Economists Say Sturgis Motorcycle Rally May Have Caused 250,000 Coronavirus Infections

South Dakota governor Kristi Noem and Johns Hopkins University researchers are skeptical about the massive infection numbers reported in the new study.

A motorcycle rider outside the Full Throttle Saloon during the 80th Annual Sturgis Motorcycle Rally in Sturgis
Michael Ciaglo / Getty Images

Smash Mouth seemed to think they could keep coronavirus away from their fans at the Sturgis Motorcycle Rally by throwing attitude at the pathogen. Unfortunately, economists—not epidemiologists or late 90s pop-punk hitmakers—crunched the cell phone data tracking user’s movements as well as recent COVID-19 case information to conclude that yes, the motorcycle rally might have caused up to 250,000 new infections. 

If that large figure makes you sit back and say, “wow,” don’t freak out just yet—this is an early estimate and neither epidemiologists nor government officials have come out agreeing with the number. 

Health economist Andrew Friedson tweeted about the study on Sept. 6. 

Along with three other economists Friedson authored a paper titled “Contagion Externality of Super-spreader” (PDF) for the Center for Health Economics & Policy Studies (CHEPS). According to his tweet, they estimated “that over 250,000 of the reported cases between August 2 and September 2 are due to the Sturgis Rally. Roughly 19 percent of the national cases during this timeframe.”

South Dakota’s conservative governor, Kristi Noem, was vocally skeptical. She issued a statement saying in part that the CHEPS report was “fiction.” 

“Under the guise of academic research, this report is nothing short of an attack on those who exercised their personal freedom to attend Sturgis,” Governor Noem said.

“Predictably, some in the media breathlessly report on this non-peer-reviewed model, built on incredibly faulty assumptions that do not reflect the actual facts and data. At one point, academic modeling also told us that South Dakota would have 10,000 COVID patients in the hospital at our peak. Today, we have less than 70. I look forward to good journalists, credible academics, and honest citizens repudiating this nonsense.”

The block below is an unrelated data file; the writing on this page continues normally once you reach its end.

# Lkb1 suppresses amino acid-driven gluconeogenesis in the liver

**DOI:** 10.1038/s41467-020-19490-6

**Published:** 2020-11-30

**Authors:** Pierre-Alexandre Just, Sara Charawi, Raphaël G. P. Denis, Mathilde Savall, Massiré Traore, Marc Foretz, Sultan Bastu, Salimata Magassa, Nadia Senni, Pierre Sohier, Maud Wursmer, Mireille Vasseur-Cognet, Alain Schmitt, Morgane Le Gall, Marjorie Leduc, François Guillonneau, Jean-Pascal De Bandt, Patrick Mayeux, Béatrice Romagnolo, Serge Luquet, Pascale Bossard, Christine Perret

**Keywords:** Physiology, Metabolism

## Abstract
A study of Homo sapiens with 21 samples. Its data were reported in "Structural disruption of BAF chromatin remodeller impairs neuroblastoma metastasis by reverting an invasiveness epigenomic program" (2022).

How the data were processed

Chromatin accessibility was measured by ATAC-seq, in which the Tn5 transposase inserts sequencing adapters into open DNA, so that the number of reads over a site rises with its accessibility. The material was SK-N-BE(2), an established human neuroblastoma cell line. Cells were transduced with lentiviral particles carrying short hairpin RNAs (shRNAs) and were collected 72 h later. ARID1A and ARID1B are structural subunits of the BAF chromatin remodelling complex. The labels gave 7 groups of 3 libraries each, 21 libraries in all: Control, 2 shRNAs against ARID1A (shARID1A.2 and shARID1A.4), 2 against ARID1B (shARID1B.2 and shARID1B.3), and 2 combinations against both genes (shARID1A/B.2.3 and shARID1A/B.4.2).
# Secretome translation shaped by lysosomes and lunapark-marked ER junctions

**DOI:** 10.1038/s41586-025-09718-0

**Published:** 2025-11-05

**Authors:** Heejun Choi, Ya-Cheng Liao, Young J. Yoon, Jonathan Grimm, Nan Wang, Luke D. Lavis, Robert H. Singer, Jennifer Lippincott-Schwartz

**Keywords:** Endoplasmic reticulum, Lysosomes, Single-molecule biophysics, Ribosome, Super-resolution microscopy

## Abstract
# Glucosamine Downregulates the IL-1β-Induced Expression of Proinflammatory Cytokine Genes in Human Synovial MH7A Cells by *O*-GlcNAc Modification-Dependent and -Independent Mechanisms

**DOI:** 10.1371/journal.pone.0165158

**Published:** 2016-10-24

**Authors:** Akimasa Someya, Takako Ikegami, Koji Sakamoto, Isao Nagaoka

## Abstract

Per CBS, here are the points Johns Hopkins reviewers made to mitigate the dramatic conclusions of the economists’ study:

  • The San Diego researchers didn’t compare geographic areas that were hit by coronavirus infections from Sturgis with other nearby areas. For example, a county in Arizona was compared to counties in Maine and Hawaii despite significant differences in the populations and mask-wearing habits of the two areas.
  • The Sturgis rally likely caused more people to get a coronavirus test given the numerous warnings before the event about the potential health risks. That increase in testing — not direct transmission from people at the rally — could explain the jump in reported cases.
  • The method used to put a public health cost of $12 billion on the Sturgis rally is simplistic because it fails to reflect that the costs of treating people with COVID-19 can vary widely around the country.

What’s at issue is not really whether there was an increase in cases so much as the size of that increase. Was it normal, considering the circumstances, or surprisingly huge?


Due to lagging indicators—statistics that take extra time to get factored into reports on events like this and could change the ultimate real infection statistics—the truth is we don’t entirely know the toll from any superspreader event. It may take years to truly nail down the coronavirus toll worldwide.